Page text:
The Tampa Hillsborough Expressway Authority (THEA) is currently installing V2X (vehicle-to-everything) equipment in its streetcars as part of its involvement in the US Department of Transportation’s (USDOT) Connected Vehicle (CV) Pilot program.
Part funded by USDOT and partly by local agencies, in Tampa, the CV Pilot project involves installing radios and computers in over 1,600 vehicles and at over 40 fixed locations at downtown intersections to enable vehicle-to-vehicle (V2V) and vehicle-to-infrastructure (V2I) communication. A unique feature of the Tampa project is the installation and operation of collision warning applications in 10 of the historic electric streetcars that operate along Channelside Drive in the city’s Central Business District (CBD), where they are popular with both tourists and residents.
The streetcars run on tracks alongside city streets, obeying the same traffic signals as other vehicular traffic. Since streetcars are heavy (32-tons) vehicles, they accelerate and move slowly, and often drivers of vehicles to the left of streetcars that wish to turn right at an intersection will attempt to turn right in front of moving streetcars. Streetcars cannot stop quickly or swerve, so collisions sometimes occur. The CV Pilot application being implemented to mitigate and warn of this unsafe practice is called ‘Vehicle turning right in front of transit vehicle’.
Originally envisioned for buses, THEA is adapting the application for streetcars. Global positioning system (GPS) and dedicated short-range communications (DSRC) antennas are being installed on cars and streetcars, as well as onboard units (OBU) and display screens. The OBUs constantly broadcast and receive basic safety messages (BSM) that contain vehicles’ location, velocity and acceleration, among other values. When an OBU predicts a potential collision between a streetcar and an CV-instrumented automobile, it displays a warning on both the streetcar’s and automobile’s screens, and emits audible alert signals.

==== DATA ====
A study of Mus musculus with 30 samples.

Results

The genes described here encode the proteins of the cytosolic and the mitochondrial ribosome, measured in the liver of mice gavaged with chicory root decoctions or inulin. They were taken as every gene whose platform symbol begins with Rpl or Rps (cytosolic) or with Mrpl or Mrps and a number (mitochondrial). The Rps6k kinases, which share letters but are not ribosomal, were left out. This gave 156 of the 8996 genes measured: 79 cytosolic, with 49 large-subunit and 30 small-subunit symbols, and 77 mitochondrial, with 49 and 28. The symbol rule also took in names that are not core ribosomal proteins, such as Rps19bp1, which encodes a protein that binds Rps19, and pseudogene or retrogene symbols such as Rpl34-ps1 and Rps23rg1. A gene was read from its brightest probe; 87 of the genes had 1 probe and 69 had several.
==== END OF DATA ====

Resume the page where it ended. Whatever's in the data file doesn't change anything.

Special considerations for installing the CV equipment in streetcars include:
Each streetcar has two screens, one at each end of the streetcar, since it can travel in either direction;
Wooden panels inside the streetcars had to be removed to run cables from one end to the other and to the antennas on the rooftop;
As the streetcars have wooden rooftops, special metal plates are being added to provide proper grounding for the antennas;
The antennas are being checked carefully to ensure they can operate successfully in close proximity to the streetcars’ high-voltage (640V) power line;
Hardware and software operation are now being tested in Tampa, and the parameters of the warning algorithms are being tuned so that warnings provided to streetcar and automobile drivers give sufficient time for appropriate reactions.
To watch a video of the Tampa streetcar CV installation, click here.